Kelsey Brugger

About 150 truckloads of Montecito muck has been dropped into the surf at Goleta Beach.


The Mud Trucks Have Stopped


The trucks full of mud that have been barreling down Highway 101 since the January 9 disaster are slowing their rolls. The U.S. Army Corps of Engineers emergency permit allowing mud to be dumped at Goleta Beach and Ash Avenue in Carpinteria expired last Tuesday. While a considerable amount of mud still exists on private property, the public roads and open spaces are mostly clear, said Scott McGolpin, County Public Works director. “We don’t plan on extending the permit at those locations for the January 9 event,” he said.

The mud dumps at the two beaches garnered mixed feedback. While many Goleta residents grumbled, some environmental organizations — namely Heal the Ocean — urged frustrated residents to support the public agencies working to handle the enormous disaster.

Tests by the county’s Public Health Department found high bacteria levels at the Goleta and Carpinteria beaches. But more precise testing completed by UCSB scientists found very little to no human fecal material in the mud. The beaches remain closed.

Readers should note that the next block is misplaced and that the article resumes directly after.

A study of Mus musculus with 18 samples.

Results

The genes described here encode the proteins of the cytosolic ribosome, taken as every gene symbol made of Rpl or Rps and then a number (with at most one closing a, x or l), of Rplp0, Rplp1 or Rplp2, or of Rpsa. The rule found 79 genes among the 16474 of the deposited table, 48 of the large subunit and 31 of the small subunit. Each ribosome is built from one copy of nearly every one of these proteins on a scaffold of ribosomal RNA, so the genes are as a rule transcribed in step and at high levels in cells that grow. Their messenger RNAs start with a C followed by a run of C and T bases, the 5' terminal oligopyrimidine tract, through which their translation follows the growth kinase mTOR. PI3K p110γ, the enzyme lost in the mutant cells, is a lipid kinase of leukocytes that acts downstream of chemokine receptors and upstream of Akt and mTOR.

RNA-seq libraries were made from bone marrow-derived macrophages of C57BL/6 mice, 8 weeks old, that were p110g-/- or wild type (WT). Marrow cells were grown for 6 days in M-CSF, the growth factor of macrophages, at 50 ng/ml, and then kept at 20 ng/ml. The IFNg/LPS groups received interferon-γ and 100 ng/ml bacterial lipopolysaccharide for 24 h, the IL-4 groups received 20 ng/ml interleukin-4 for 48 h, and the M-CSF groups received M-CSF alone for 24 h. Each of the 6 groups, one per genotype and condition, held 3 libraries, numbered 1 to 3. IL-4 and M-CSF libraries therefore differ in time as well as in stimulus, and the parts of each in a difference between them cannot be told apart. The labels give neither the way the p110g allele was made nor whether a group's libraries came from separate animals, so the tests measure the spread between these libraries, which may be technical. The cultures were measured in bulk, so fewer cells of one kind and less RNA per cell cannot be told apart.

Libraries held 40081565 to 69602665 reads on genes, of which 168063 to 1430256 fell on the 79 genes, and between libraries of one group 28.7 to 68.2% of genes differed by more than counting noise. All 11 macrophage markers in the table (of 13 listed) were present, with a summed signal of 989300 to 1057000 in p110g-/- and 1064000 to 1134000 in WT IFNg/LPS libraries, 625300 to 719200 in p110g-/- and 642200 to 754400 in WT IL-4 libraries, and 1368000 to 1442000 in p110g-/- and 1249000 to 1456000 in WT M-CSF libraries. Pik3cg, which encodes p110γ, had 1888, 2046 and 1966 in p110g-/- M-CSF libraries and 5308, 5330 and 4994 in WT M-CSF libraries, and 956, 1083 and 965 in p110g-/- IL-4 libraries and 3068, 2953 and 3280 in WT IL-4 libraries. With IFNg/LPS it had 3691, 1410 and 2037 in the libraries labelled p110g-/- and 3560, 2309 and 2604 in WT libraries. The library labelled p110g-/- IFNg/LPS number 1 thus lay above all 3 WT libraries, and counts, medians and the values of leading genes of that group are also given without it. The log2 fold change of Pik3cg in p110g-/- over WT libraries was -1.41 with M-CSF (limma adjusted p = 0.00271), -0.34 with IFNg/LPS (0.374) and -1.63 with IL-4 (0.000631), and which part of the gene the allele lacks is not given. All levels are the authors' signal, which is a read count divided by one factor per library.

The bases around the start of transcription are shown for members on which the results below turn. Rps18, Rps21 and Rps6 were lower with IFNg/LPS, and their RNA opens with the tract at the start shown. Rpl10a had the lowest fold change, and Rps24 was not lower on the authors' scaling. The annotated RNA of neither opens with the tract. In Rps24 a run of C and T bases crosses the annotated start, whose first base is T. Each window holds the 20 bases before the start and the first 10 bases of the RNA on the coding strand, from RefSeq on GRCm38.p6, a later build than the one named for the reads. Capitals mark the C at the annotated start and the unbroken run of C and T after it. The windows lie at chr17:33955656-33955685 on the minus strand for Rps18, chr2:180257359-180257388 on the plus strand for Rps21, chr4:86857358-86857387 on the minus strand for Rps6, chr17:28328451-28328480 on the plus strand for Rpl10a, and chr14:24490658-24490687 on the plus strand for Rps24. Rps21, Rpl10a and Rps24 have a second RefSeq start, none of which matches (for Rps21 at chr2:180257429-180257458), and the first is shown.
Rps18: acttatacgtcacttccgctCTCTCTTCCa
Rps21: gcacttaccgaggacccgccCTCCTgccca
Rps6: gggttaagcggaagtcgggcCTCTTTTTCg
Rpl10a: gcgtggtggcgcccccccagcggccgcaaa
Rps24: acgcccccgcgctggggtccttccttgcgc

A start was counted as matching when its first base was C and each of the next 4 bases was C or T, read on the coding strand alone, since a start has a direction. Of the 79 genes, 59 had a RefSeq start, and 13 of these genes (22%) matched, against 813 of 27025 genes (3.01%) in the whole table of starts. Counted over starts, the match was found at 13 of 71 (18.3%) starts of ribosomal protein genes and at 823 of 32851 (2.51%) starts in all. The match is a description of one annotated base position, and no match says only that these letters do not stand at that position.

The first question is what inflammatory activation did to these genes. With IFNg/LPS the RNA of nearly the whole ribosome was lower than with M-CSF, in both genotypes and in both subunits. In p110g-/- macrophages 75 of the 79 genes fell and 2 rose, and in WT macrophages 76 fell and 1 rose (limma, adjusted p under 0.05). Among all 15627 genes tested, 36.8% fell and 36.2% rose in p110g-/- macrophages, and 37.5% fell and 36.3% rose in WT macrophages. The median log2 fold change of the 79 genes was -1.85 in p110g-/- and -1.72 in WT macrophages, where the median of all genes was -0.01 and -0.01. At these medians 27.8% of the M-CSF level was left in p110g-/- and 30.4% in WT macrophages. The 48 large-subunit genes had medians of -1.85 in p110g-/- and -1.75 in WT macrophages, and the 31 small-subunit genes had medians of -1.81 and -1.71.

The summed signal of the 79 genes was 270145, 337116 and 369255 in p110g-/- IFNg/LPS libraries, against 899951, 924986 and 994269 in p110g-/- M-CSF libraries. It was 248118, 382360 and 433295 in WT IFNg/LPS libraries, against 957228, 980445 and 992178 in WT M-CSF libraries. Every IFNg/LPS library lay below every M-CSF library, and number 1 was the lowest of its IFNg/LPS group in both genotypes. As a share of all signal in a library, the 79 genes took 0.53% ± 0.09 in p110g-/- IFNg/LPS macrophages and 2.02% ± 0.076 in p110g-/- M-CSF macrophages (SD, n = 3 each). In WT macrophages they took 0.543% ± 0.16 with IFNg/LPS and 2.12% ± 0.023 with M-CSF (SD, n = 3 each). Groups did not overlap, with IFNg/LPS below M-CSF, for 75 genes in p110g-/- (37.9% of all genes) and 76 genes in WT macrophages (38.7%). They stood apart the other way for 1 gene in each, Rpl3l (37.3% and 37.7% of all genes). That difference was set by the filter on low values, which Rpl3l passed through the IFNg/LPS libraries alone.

Since the Montecito debris flow of January 9, roughly 50,000 truck trips occurred to Goleta Beach and Carpinteria. They moved about 500,000 cubic yards of material, McGolpin said. By one estimate, that is enough to fill two-thirds of the Rose Bowl.

The emergency permit also allowed mud to be dumped at other locations, including off Turnpike and Fairview and in Ventura. The only part of the permit that the Army Corps of Engineers decided to extend was at the Carpinteria Salt Marsh, McGolpin said. It allows County Public Works employees to complete hydraulic dredging of about 15,000 cubic yards of material and “discharge sediment via pipe into the surf zone at the mouth of the marsh or an approved upland disposal site.”